Bill O'Reilly Exits Fox News Amid Harassment Scandal

Bill O'Reilly at The Newseum on Oct. 6, 2016 in Washington, DC.
Teresa Kroeger/Getty Images

Bill O'Reilly at The Newseum on Oct. 6, 2016 in Washington, DC. 

The anchor has hosted the No. 1 show in cable news for 15 consecutive years.

Weeks after revelations surfaced that Bill O’Reilly settled several sexual harassment claims – leading to an advertiser exodus from his Fox News program – the embattled host is out of a job. The announcement came from Rupert Murdoch, executive chairman of Fox News and its parent 21st Century Fox. 

“After a thorough and careful review of the allegations, the Company and Bill O’Reilly have agreed that Bill O’Reilly will not be returning to the Fox News Channel," a statement read.

The news is not a complete surprise, but it is nonetheless stunning. O’Reilly, 67, has been hosting the network’s 8 p.m. program The O’Reilly Factor for two decades. And it has been the No. 1 show in cable news for 15 consecutive years bringing in more than $400 million in ad revenue between 2014 and 2016 and $118 million in the first three quarters of 2016, according to Kantar Media.

And in recent years, O’Reilly has branched out with a series of best-selling books and spin-off TV movies on National Geographic Channel (majority owned by 21st Century Fox), which have broadened his brand outside of Fox News, where he earns about $18 million annually. 

By the time O’Reilly signed off on April 11 for a pre-planned two-week vacation, the advertiser exodus - including blue chip brands Mercedes-Benz, Allstate, BMW, Bayer and Lexus - had reached more than 50. Many buyers were re-allocating their ad dollars to other Fox News programs. There was also external pressure from advocacy and women’s groups including Color of Change and the National Organization for Women.

But many media insiders predicted O’Reilly would survive because of his towering presence as the face of Fox News and also because the company recently renewed his deal – which was set to expire later this year – while it was aware that revelations of the payments were going to be disclosed by the New York Times.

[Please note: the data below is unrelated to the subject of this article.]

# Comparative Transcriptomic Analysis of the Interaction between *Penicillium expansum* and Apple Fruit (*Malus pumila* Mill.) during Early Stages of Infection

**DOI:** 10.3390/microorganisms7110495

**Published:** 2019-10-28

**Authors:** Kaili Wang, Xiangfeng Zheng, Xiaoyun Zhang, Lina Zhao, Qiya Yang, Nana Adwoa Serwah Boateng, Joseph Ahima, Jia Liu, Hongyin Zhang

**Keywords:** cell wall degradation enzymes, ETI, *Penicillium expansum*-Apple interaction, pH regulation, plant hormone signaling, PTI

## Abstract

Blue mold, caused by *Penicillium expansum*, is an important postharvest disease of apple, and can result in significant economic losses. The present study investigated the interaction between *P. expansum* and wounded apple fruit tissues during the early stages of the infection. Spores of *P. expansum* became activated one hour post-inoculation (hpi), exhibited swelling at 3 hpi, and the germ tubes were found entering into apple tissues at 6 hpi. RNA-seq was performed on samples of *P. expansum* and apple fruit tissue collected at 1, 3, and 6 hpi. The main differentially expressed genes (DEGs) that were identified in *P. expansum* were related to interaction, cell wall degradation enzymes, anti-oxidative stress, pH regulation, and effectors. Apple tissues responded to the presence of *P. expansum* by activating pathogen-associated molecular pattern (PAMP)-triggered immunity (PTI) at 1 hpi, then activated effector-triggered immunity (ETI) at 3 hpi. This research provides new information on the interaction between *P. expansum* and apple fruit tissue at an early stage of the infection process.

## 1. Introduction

“He’s too important to the bottom line,” said one rival TV news executives prior to today’s announcement. “In some ways he’s more important to them now than Ailes was.”

Roger Ailes was ousted last summer, two weeks after former anchor Gretchen Carlson sued him for sexual harassment, which led to a cascade of similar allegations and an investigation by the Manhattan law firm Paul, Weiss, Rifkind, Wharton & Garrison. The same law firm was retained to investigate claims made against O'Reilly by former on-air contributor Wendy Walsh. Megyn Kelly was among more than a dozen women who came forward with allegations against Ailes, which she detailed in her memoir, Settle for More.

Both Ailes and O’Reilly have denied the allegations. But a deepening toxicity between Kelly and O’Reilly, Kelly’s former lead-in on Fox News, was among the many reasons Kelly decided to forgo a $100 million offer from 21st Century Fox to stay at the network and instead left for a deal with NBC News. She was said to be especially annoyed that O’Reilly publicly accused her of disloyalty for speaking out about Ailes. And in an interview on CBS This Morning last November, she responded to O’Reilly’s criticism by noting: “I believe Roger Ailes made the company look bad.” 

After Kelly left in January, Fox News moved quickly to put Tucker Carlson’s program into Kelly’s 9 p.m. time slot. All of cable news has been lifted by the unpredictable opening months of the Trump administration. But Carlson has had an impressive early run; for the first three months of the year, Tucker Carlson Tonight averaged 3.27 million viewers.

It was the second most-watched in cable news for the quarter, behind only The O’Reilly Factor, which had its best quarter ever, with 3.98 million viewers. But now, Fox News is without its primetime linchpin. And it’s unclear if a second transition will be as seamless.

This article was originally published by The Hollywood Reporter.